An analysis of the experience of 112 state-sponsored and statewide public pension plans in the U.S. for fiscal years 2001 through 2013 finds most states are meeting their commitments to fund their plans, with only a few conspicuously failing.
The National Association of State Retirement Administrators (NASRA) examined the performance of state governments in meeting the annual required contribution (ARC)—as defined by the Government Accounting Standards Board (GASB)—of their public employee retirement plans. The 112 plans account for more than 80% of all public pension assets and participants.
The weighted average ARC received was 84.4%; of $779 billion of combined ARC, plans received $657 billion. The average plan received 89.3% of its ARC. All but six states paid at least 75% of their ARC, and all but two states paid at least one-half of their ARC.
NASRA’s study report says New Jersey and Pennsylvania have weighted average ARC experiences that are notably lower than those of other states. New Jersey’s average is 38% and Pennsylvania’s is 41.2%. According to the report, for both states, the chronic underfunding began when required contributions had dropped to very low levels by historical standards, as low as zero for some plans, chiefly as a result of strong investment gains from 1995 to 1999. When required contribution rates rose, chiefly as a result of the 2000-02 market decline, the states experienced great difficulty in restoring the stream of pension funding payments that had previously been in place.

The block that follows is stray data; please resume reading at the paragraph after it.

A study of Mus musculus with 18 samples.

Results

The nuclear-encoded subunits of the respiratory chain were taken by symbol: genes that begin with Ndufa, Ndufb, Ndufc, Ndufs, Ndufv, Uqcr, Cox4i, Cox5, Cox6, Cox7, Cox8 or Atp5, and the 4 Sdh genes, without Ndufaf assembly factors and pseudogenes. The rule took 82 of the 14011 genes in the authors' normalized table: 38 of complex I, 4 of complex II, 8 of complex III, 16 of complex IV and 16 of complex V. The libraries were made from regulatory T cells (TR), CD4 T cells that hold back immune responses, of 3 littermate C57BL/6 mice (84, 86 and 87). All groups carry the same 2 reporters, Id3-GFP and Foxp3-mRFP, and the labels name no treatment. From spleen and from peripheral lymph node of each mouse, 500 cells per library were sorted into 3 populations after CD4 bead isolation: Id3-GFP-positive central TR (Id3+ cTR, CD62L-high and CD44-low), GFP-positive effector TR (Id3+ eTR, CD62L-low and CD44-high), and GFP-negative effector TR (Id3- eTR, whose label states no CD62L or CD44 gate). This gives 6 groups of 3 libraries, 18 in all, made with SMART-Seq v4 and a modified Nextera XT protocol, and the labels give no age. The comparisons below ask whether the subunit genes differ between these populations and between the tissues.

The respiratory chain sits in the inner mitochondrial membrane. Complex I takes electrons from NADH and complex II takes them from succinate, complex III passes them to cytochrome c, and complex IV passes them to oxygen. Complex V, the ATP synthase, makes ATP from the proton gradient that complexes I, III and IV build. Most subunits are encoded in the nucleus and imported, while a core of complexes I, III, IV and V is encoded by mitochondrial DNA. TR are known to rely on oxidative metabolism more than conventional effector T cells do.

Findings from the analysis showed:
- Policies (i.e., statutes, constitutional provisions or retirement board requirements) that require payment of the ARC generally produce better pension funding outcomes than polices that do not require payment of the ARC. Some plan sponsors, however, consistently pay their ARC without the requirement. Some have challenged requirements to pay their ARC and underfunded their pension plans.
- The few states that conspicuously failed to fund their pension plans have a disproportionate effect on the total ARC experience.
- Failing to make even a good-faith effort to fund the ARC increases future costs of funding the pension.
- Policy constraints that prevent payment of the ARC can negatively affect the ability of employers to fund the pension plan.
NASRA notes that the onset of new accounting standards for public pensions heralds the end of the ARC (see “Changes Ahead for Public DBs”). Still, public pensions are expected to continue to calculate an actuarially determined annual contribution amount, and new GASB standards will require disclosure of the effort made to fund this amount. “The previous standards resulted in a broad recognition and appreciation for the value of adequately and appropriately calculating and funding an annual public pension contribution,” NASRA says.